Flavor differences in whiskey can be discerned based solely on the environment in which the barley used to make the whiskey is grown, a new study co-authored by an Oregon State University researcher found.
This is first scientific study that found the environmental conditions, or terroir, of where the barley is grown impacts the flavor of whiskey, said Dustin Herb, an author of the study and a courtesy faculty member in the Department of Crop and Soil Science at Oregon State University.
“Terroir is increasingly being used to differentiate and market agricultural products, most commonly wine, as consumers grow more interested in the origins of their food,” Herb said. “Understanding terroir is something that involves a lot of research, a lot of time and a lot of dedication. Our research shows that environmental conditions in which the barley is grown have a significant impact.”
Herb, who is originally from Lebanon, Oregon, and earned his undergraduate and doctoral degrees from Oregon State, is the only American author of the study, which was published in the journal Foods. The other authors are all from Ireland, where the study was conducted.
Herb’s doctoral research at Oregon State with Pat Hayes, a barley breeder in the College of Agricultural Sciences, focused on the contributions of barley to beer flavor. Their research found notable differences in the taste of beers malted from barley varieties reputed to have flavor qualities.
That research caught the attention of Waterford Distillery. The Irish distillery reached out to Herb, flew him to Ireland and asked him if he could design a study that would attempt to answer the question of whether terroir exists in whiskey. They dubbed it The Whisky Terroir Project. (Whiskey can be spelled with and without an “e.”)
Herb designed a study that involved planting two common commercial varieties of barley in Ireland – Olympus and Laureate – in two distinct environments: Athy, Co. Kildare and Buncloudy, Co. Wexford in 2017 and 2018. Athy is an inland site and Buncloudy is a coastal site. They were selected in part because they have different soil types and different temperature ranges and rainfall levels during the barley growing season.
The crops of each barley variety at each site in each year were harvested, stored, malted and distilled in a standardized way. Once distilled, the product is called “new make spirit.” (It isn’t called whiskey until it is matured in a wooden cask for at least three years.)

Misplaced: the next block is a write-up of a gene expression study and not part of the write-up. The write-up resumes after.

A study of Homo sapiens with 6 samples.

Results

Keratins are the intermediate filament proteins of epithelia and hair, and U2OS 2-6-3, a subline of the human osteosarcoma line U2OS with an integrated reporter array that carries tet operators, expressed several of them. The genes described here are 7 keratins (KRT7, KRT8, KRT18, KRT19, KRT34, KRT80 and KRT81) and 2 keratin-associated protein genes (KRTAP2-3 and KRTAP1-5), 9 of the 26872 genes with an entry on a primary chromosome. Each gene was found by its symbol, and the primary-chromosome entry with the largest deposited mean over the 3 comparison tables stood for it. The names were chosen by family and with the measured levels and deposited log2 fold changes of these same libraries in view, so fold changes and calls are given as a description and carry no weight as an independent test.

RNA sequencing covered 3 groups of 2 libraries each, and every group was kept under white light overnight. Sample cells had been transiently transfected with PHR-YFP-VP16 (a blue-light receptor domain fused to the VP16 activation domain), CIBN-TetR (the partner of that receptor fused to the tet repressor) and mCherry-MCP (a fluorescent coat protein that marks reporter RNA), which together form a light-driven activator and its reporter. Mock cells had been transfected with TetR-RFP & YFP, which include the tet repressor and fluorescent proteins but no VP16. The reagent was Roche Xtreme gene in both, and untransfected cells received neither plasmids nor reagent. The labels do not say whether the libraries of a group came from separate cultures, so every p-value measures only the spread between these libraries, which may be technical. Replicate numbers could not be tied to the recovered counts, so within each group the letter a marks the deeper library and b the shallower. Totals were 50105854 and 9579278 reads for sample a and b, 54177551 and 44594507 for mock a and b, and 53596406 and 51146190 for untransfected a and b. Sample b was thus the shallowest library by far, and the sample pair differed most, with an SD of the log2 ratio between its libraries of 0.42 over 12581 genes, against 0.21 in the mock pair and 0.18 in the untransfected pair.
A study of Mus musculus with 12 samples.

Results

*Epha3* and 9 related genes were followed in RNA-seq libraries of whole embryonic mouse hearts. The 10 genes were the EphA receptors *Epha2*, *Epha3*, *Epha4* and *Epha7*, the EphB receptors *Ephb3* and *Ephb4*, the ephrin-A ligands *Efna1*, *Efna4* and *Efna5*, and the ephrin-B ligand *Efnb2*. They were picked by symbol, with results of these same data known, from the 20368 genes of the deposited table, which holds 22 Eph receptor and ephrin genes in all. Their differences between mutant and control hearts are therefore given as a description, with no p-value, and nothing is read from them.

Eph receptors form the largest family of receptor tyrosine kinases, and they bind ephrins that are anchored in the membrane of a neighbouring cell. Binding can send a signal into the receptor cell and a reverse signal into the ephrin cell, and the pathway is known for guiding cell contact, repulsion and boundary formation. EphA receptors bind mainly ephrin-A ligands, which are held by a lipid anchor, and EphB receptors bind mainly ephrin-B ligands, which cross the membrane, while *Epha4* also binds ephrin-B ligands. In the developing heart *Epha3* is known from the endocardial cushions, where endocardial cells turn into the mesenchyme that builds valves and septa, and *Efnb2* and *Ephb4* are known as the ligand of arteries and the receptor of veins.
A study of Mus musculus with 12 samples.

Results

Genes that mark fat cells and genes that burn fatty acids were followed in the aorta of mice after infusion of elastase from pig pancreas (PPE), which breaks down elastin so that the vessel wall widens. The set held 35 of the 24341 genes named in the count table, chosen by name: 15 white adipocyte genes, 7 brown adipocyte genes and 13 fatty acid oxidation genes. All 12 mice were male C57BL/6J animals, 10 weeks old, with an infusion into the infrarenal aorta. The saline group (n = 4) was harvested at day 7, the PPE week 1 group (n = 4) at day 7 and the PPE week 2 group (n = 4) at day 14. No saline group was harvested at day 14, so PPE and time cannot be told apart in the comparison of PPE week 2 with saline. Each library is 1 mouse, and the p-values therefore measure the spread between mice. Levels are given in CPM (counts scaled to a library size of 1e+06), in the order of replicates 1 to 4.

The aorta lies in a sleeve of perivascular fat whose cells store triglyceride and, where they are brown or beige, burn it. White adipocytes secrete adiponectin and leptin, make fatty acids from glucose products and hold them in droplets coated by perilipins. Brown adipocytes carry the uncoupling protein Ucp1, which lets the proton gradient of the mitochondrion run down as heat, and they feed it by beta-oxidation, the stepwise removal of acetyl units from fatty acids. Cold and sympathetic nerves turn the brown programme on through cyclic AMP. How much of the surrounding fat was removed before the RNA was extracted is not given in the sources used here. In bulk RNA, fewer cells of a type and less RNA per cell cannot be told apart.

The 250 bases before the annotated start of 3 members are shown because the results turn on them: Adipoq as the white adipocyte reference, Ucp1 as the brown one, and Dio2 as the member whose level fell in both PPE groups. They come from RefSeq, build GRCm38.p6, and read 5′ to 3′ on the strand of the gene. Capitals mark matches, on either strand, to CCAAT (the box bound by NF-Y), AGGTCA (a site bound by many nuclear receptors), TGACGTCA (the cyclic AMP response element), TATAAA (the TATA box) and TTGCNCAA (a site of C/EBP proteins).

The researchers used gas chromatography mass spectrometry and the noses of a six-person trained sensory panel to determine which compounds in the barley most contributed to the aroma of the new make spirit.
That analysis, along with further mathematical and statistical analysis, found that the environment in which the barley was grown had a greater contribution to the aroma of the whiskey than the variety of the barley. That was the clear indication of the impact terroir has on the new make spirit.
Furthermore, the sensory analysis found distinct differences in the aroma characteristics of the new make spirit from the barley grown in each location. In Athy, it was more positively associated with sweet, cereal/grainy, feinty/earthy, oily finish, soapy, sour, stale and mouldy sensory attributes and in Bunclody it was more associated with dried fruit and solventy attributes.
“What this does is actually make the farmer and the producer come to the forefront of the product,” Herb said. “It gets to the point where we might have more choices and it might provide an opportunity for a smaller brewer or a smaller distiller or a smaller baker to capitalize on their terroir, like we see in the wine industry with a Napa Valley wine, or Willamette Valley wine or a French Bordeaux.”
The sensory analysis also found differences in the aromatic profiles between the 2017 and 2018 seasons that were studied.
“This makes us think there might be a vintage aspect to the whiskey like wine, where you buy a 2019 or a 2020 or a 2016,” Herb said. “Could the whiskey industry operate in a similar way, where someone is going to seek out a certain vintage of a certain year?”
To answer that question, more research needs to be done, Herb said. That is a project the Whisky Terroir Project plans to tackle: examining flavor changes in the spirits as they mature in casks and to see what happens with the terroir impact.
The team is also scaling up the research to study terroir in commercial-scale barley fields over a five-year period.
In addition to Herb, who also works full-time as a plant breeder at Albany, Oregon-based OreGro, which develops turf and forage products, other authors of the paper are: Maria Kyraleou and Kieran Kilcawley of the Teagasc Food Research Park; Grace O’Reilly and Neil Conway of Waterford Distillery; and Tom Bryan of Boormalt.
The research was funded by Enterprise Ireland Commercialization Fund in collaboration with Waterford Distillery.